Moving cross country can be an exciting but also stressful experience that can be quite costly if you don’t have much cash. Going broke is very common among those who want to move from one state to the next state cross country. Maybe my story will help you save money and also make your move a bit more enjoyable.
It all began when I wanted to move out of a small town and into the big city. With a goal of moving out of the city from my small state and into Los Angeles, I knew that the best way to do that was to travel cross country. It would take a few days to drive down, but doing so would save me heaps amount of cash.
The Good, the Bad, and the Ugly
The easiest part of a cross country move is just being able to pack everything and start driving. If you’re all alone like I was, it’s easy to get around and not worry about another person not being comfortable. In terms of what was difficult, it’s definitely hard to save up for this new place you want to live in. Whether it’s paying for the new lease, putting a down payment, or buying a moving truck to transfer everything, there is serious effort required. I learned this and several other lessons along the way:
Prepare In Advance
Do not think of this as a spur of the moment experience, as this won’t be an overnight process. Instead, have a plan and know exactly where you plan on going at least four to eight weeks or so in advance. Have a job lined up (or at least several interviews), begin the apartment hunt before you arrive, and check the cost of living. The more prepared you are, the better equipped you’ll be to estimate the cost of living in the new area and therefore avoid unsettling surprises.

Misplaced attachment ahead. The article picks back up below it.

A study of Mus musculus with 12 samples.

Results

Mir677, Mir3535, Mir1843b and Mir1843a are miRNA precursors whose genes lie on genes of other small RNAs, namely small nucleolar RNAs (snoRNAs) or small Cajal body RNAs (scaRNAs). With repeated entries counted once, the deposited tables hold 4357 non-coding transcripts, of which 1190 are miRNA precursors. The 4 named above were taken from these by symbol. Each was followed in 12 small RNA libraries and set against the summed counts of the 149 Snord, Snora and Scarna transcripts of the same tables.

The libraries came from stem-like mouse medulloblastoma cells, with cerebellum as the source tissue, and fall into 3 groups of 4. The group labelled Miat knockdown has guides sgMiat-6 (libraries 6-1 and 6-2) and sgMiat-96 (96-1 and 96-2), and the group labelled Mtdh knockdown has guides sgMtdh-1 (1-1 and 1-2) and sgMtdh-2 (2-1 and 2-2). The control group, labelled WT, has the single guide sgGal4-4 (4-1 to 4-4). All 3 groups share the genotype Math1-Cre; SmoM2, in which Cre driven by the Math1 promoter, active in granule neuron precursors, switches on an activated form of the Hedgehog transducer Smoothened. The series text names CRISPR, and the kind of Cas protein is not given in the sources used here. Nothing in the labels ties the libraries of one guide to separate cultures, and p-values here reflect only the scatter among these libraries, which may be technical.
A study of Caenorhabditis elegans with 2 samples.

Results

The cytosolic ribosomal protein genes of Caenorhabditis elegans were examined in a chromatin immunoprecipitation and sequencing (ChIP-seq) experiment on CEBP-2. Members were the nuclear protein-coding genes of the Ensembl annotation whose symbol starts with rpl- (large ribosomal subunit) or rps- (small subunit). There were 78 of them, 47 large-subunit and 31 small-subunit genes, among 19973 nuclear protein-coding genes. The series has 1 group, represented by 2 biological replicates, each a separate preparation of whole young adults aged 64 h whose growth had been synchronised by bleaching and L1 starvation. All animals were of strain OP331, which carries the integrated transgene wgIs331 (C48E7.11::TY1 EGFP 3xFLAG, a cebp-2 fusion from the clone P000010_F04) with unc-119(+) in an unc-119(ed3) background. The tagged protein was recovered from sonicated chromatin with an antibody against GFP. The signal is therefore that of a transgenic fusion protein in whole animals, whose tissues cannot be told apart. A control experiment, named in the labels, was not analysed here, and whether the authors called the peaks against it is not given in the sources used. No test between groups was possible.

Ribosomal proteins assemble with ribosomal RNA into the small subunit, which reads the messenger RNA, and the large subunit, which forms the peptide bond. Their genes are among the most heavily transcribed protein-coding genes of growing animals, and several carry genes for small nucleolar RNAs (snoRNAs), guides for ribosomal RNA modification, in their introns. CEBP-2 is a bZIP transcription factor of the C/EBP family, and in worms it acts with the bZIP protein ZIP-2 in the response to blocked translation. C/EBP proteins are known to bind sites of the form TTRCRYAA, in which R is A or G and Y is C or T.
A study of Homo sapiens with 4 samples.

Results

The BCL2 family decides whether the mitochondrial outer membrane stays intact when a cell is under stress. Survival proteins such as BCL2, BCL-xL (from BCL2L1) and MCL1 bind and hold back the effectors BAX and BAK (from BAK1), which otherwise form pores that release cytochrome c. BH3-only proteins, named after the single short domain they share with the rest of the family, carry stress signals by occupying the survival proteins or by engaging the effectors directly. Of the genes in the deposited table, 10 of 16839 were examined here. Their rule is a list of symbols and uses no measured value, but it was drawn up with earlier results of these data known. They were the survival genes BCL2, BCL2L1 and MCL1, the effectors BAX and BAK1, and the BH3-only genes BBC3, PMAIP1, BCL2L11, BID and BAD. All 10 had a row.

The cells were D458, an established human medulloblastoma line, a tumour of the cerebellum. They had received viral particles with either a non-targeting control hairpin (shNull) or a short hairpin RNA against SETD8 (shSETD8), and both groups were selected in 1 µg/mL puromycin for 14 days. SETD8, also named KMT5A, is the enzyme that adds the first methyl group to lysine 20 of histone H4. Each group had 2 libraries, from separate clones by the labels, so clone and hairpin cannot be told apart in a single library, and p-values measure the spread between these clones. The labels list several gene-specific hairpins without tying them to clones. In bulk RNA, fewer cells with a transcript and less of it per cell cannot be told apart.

You should have, at the very least, several thousand dollars before attempting a cross country move. I took the money from my job and any side income I had and saved a decent portion of it every single week for about nearly two months or so. In terms of making money and getting a job, I landed a job before I ever moved down. You don’t want to move to a place if you don’t have the money to sustain you for the long run.
Keep Costs Low
When traveling, I didn’t rent out any moving truck. When you have very minimal things to bring, stay within your own car and don’t spend money on things you don’t need. Eat when you have to eat, but don’t eat at a high profile restaurant at every stop. Avoid using hotels when driving down and instead either use a motel or try couch surfing when you reach a certain destination if you’re too tired to drive. Couch surfing is also great if you want to move down to another city and keep costs down before you head into an apartment.
Sell Useless Items
I found that selling whatever I had that I didn’t need would only help with the costs. I made sure that I sold everything that wouldn’t fit into my car for when I drove down. It was easy making another couple thousand just selling my old items. On the flip side, avoid selling things that you’ll just have to re-buy once you arrive.
I didn’t go broke when I moved cross country simply because I didn’t move into the most expensive place within the city. I made sure that my apartment was in a good neighborhood but still had a realistically affordable monthly payment. It’s a new city with new opportunities, but start small. Spend the first year getting settled in to the area. After the lease is up on your first year, then you can consider relocating to a more ideal and long-term residence.
The one thing I would do differently is probably asked for some kind of help when it came down to packing everything and organizing the drive. Your friends shouldn’t have to suffer for your plan to move, but they also probably wouldn’t mind helping out for an afternoon. Next time, I’ll swallow my pride and make a few last memories by having friends help. I also realized that making friends in the new city I moved to would have also been beneficial. For my next move, I’ll be more proactive with meeting new people, rather than waiting for them to meet me.
So, that’s my story. What’s yours? What have you learned from moving cross country, and what will you do differently next time?
Jennifer is a writer based in Los Angeles, California.